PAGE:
Arthur Albert Schmon was born in 1895, in Newark, New Jersey. During his studies at Barringer High School in Newark, he met Eleanore Celeste Reynolds who was to become his wife in August of 1919. The correspondence between Celeste [as she was known] and Arthur was lovingly preserved by Mr Schmon and is part of the Arthur Schmon fonds, RG 524, in the Brock University Archives. Mr. Schmon studied English Literature at Princeton and graduated with honours in 1917.
In 1917, Mr. Schmon joined the United States Army where he served under Colonel McCormick as an adjutant in field artillery in World War I. In 1919, he was discharged as a captain. Colonel McCormick (editor and publisher of the Chicago Tribune) offered Schmon a job in his Shelter Bay pulpwood operations. In 1933, Schmon was elected the President and General Manager of the Ontario Paper Company. He later became the Chairman and Chief Executive Officer.
Arthur Schmon made his home in St. Catharines where he played an active role in the community. Schmon was a member of the Founders’ Committee at Brock University and he was a primary force behind the establishment of a University in the Niagara Region. He also served as Chairman of the St. Catharines Hospital Board of Governors for over 15 years, and was responsible for guiding the hospital through a three million dollar expansion program. He was a Governor of Ridley College and an Honorary Governor of McMaster University in Hamilton.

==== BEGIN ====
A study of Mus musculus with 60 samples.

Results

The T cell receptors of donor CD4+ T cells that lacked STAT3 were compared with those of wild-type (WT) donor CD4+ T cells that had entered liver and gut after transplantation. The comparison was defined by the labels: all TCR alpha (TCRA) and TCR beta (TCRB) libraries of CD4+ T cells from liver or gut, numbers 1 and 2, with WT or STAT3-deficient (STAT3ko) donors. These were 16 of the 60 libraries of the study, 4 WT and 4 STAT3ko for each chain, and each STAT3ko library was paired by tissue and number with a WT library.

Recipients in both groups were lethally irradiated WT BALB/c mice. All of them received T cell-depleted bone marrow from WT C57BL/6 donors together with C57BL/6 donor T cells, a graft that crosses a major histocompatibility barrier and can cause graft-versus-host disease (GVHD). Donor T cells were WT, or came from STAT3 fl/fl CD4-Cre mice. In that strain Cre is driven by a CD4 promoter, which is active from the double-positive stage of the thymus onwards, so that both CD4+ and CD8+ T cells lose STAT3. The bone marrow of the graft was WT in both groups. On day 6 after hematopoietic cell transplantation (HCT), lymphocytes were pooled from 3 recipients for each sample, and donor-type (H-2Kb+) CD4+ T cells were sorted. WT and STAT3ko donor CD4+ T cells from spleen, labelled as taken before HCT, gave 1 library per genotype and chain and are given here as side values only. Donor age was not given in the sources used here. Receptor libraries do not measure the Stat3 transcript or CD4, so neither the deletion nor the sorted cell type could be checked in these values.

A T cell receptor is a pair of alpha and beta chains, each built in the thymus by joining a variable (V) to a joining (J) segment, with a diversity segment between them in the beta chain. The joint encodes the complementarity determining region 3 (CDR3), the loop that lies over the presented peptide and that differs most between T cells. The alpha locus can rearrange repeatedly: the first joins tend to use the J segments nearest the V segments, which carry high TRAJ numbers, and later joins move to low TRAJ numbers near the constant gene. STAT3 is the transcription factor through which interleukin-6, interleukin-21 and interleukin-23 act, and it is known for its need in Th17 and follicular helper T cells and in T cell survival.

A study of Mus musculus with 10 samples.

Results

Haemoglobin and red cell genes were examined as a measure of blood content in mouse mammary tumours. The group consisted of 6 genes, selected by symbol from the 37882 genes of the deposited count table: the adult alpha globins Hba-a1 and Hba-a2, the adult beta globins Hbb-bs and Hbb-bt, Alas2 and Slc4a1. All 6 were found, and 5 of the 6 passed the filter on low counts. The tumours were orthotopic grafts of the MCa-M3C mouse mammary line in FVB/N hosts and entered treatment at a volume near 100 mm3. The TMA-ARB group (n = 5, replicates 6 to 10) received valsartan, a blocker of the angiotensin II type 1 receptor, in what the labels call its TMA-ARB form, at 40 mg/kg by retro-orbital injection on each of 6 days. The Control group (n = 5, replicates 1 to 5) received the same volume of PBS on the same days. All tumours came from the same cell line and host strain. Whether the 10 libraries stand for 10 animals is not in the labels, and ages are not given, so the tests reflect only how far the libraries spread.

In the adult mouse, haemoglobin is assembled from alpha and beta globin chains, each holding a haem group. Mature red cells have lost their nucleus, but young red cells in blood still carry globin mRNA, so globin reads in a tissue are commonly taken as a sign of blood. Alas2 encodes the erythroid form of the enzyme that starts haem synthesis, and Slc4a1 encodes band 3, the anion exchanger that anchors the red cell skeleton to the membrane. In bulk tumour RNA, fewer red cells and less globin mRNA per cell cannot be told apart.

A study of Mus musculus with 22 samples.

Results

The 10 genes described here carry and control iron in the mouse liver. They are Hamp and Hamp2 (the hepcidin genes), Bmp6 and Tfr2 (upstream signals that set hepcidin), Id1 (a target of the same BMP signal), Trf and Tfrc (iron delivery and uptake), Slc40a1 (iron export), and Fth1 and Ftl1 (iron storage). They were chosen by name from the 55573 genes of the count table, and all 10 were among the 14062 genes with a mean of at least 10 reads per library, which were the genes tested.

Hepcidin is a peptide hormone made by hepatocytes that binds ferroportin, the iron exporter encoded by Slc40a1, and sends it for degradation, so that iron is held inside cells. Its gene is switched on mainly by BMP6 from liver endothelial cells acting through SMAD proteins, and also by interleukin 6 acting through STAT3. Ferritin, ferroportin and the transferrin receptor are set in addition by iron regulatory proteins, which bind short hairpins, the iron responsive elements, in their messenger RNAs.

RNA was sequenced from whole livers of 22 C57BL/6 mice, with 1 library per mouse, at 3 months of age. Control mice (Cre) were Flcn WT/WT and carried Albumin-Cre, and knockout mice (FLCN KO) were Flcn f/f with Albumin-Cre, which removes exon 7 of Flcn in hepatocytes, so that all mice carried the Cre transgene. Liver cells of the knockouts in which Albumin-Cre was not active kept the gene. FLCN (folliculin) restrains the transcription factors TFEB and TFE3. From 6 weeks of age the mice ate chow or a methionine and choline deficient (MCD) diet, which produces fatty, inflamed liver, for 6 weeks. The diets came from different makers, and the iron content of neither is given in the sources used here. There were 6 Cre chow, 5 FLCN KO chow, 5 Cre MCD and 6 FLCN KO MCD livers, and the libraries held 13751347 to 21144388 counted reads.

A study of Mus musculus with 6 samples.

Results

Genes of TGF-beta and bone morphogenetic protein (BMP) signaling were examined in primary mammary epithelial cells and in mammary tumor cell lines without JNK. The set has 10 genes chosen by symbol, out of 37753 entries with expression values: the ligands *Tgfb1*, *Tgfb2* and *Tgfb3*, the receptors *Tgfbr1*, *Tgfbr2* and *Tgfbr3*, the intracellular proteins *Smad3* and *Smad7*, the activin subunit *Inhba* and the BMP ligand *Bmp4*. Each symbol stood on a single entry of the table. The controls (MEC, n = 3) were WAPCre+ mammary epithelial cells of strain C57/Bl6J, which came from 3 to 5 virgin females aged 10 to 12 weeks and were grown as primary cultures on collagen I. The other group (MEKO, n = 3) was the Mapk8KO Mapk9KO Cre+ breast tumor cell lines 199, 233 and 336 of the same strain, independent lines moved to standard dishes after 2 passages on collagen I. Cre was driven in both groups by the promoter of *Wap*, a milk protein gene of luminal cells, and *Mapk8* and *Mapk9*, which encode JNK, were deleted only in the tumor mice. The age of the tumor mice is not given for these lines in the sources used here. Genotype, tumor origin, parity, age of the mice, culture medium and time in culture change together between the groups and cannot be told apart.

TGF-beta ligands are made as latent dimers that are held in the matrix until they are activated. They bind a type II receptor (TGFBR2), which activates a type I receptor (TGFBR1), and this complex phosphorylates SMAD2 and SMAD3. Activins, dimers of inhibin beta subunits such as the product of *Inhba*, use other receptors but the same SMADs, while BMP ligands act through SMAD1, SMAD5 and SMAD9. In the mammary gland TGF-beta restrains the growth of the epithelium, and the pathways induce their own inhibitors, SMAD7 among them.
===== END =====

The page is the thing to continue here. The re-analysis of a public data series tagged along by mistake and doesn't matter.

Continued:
Arthur Schmon was predeceased by his wife Celeste. He was married again, but the marriage was brief due to his untimely death. Mr. Schmon died of lung cancer on March 18, 1964. He had been named as the St. Catharines’ citizen of the year just one week prior to his death. Mr. Schmon had two sons, Robert McCormick Schmon, who was chairman of the Ontario Paper Co. Ltd., St. Catharines, Canada, and the Q.N.S. Paper Co., Baie-Comeau, Canada. He was also director of a Chicago Tribune Company. He died at the age of 61. Another son, Richard R. Schmon, was a second lieutenant in the 313th Field Artillery Battalion, 80th Infantry Division in World War II. He was listed as missing in action on November 5, 1944.